Jim Emmons was chosen as one of the five winners of our online “What Matters to You?” Contest. We asked community members to tell us what matters to them in CNY. Learn more about Jim below and scroll down to view his entry.:
Charity to receive donation: CNY Arts
Why is Central New York important to you?
I moved to Syracuse from Vermont in 1991 to work as a reporter for the Syracuse Post-Standard. In 10 years at the newspaper, I came to know and appreciate a variety of communities across the region, and to gradually consider myself a well rooted and engaged resident of Syracuse. I met my wife here, own a home here, and participate in local civic, social, and athletic groups. I appreciate the four seasons, the intimate scale of the city and its neighborhoods, the ease of getting around, the diversity of culture, and the character and realness of the place.
Why did you decide to participate in the What Matters to You? Contest?
As the leader of a small civic arts group, I’m usually grinding away at a revolving list of tasks without taking time to speak up about things that matter. But sometimes I break out of that mud. For a small, economically suffering city, Syracuse offers a wealth of cultural opportunities, and I feel strongly about speaking up for their value. I’m particularly interested in civic art— an important asset to Syracuse, but too often lacking the voice of business, government, and larger institutions. We who work in civic or public art should do more to speak up about it. The contest seemed like a fleeting chance to say something, and I appreciated making a point both seriously and creatively.
What organization did you choose to donate your $500 grant to and why? How do you hope the money will help the organization fulfill its mission?
I’m donating my grant to CNY Arts. As an arts worker, I’ve had experience with a variety of arts advocacy groups. I’ve been especially impressed by CNY Arts. The staff is responsive, helpful, and empathetic to the needs of arts groups. They’ve done a great job of surveying the region about arts and culture, and informing people about cultural activities. In its role as a channel for arts funding, CNY Arts operates in a fair and organized manner. It brings arts groups together for conferences and workshops, and thus strengthens the community. It recognizes the diversity and potential of the regional arts scene, and it promotes and advocates for the region at the level of the state.
What do you hope for the future of this organization?
I hope it can maintain and bolster its staff, many of them long-timers, with valuable experience and perspective by finding ways for them to renew, refresh, and re-inspire themselves. With this kind of cultivation, I hope the team becomes increasingly effective at advocating for arts and culture in Central New York.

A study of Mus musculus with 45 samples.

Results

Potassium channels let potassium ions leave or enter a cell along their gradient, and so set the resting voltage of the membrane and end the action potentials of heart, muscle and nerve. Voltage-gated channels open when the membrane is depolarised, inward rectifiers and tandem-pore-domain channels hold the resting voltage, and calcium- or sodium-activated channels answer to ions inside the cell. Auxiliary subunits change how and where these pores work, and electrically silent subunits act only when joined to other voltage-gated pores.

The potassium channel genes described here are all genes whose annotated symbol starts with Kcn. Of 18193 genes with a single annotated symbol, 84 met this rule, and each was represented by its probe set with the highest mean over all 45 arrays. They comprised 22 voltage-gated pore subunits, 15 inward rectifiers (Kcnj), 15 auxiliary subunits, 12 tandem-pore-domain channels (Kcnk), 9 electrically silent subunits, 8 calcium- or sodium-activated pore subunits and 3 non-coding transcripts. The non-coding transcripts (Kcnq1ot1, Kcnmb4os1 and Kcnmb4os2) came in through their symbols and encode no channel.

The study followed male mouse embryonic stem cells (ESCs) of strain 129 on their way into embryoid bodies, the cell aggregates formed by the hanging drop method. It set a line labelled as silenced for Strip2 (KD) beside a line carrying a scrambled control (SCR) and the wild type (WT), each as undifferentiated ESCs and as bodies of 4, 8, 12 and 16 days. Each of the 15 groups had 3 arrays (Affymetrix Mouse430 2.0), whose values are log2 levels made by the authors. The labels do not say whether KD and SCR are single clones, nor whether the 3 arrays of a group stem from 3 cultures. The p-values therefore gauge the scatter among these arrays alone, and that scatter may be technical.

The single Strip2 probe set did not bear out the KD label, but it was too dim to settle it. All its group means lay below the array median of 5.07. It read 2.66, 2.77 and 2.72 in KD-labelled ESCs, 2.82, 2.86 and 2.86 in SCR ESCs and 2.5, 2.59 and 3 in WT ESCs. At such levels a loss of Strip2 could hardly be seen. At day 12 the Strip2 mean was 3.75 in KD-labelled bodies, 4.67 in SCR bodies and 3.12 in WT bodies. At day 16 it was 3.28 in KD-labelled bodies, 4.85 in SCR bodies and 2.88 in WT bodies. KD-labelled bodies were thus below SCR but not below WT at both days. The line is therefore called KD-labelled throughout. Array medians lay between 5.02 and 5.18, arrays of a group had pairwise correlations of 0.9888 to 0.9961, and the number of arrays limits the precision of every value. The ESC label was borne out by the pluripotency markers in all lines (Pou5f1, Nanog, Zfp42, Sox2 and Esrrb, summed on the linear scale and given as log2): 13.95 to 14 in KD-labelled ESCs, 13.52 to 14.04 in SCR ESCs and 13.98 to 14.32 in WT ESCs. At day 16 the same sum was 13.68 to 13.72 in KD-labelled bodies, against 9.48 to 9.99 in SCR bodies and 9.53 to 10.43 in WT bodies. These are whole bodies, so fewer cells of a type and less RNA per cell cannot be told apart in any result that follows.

Source: Syracuse Poster Project
Civic art— art about the city, for the city, viewable outdoors and in other free, shared spaces— matters to me. It matters to me as a co-founder of a civic art project (the Syracuse Poster Project) and as a city resident interested in communal civic experience.
Civic art can take a variety of forms, from simple temporary works to sophisticated installations. Across the spectrum, it elicits surprise, wonder, curiosity, reflection, and opportunities for belonging. Who made it? What does it say about our city? What am I learning that I might have overlooked— about the city’s heritage, current state, or dreamy potential? We don’t think this way consciously about civic art, but perhaps we do unconsciously.
At its most welcoming, civic art also invites participation, either by engaging citizens in its conception, design, financial support, and actual installation, or by challenging them to think creatively about public space as a venue for their own expression of civic belonging.
Civic art upholds and reflects the city’s physical, atmospheric, or historic beauty. It brings out and amplifies the existing fabric— a train trestle, an airy space between buildings, a landmark of historic significance. It breaks through sameness and wakes us up. It’s like that person we spot on the sidewalk whose bold or whimsical street fashion— free for enjoyment —breaks our gloom and boosts our day.
Together with airports, other transportation hubs, and building design, civic art serves as a kind of threshold, giving newcomers and visitors their first impressions. It speaks for our city as a place of heritage, diversity, creativity, and entrepreneurial spirit. It heightens the city’s character, makes the city distinct from other cities, a place that beckons.
For all these reasons, civic art affords us value akin to the benefits of properly working infrastructure— roads, public transportation, parks, playgrounds. Citizens should speak up for the worth of civic art, and civic leaders should be serious about funding it. To that end, the Poster Project offers this (not-so-serious) solution to the funding challenge.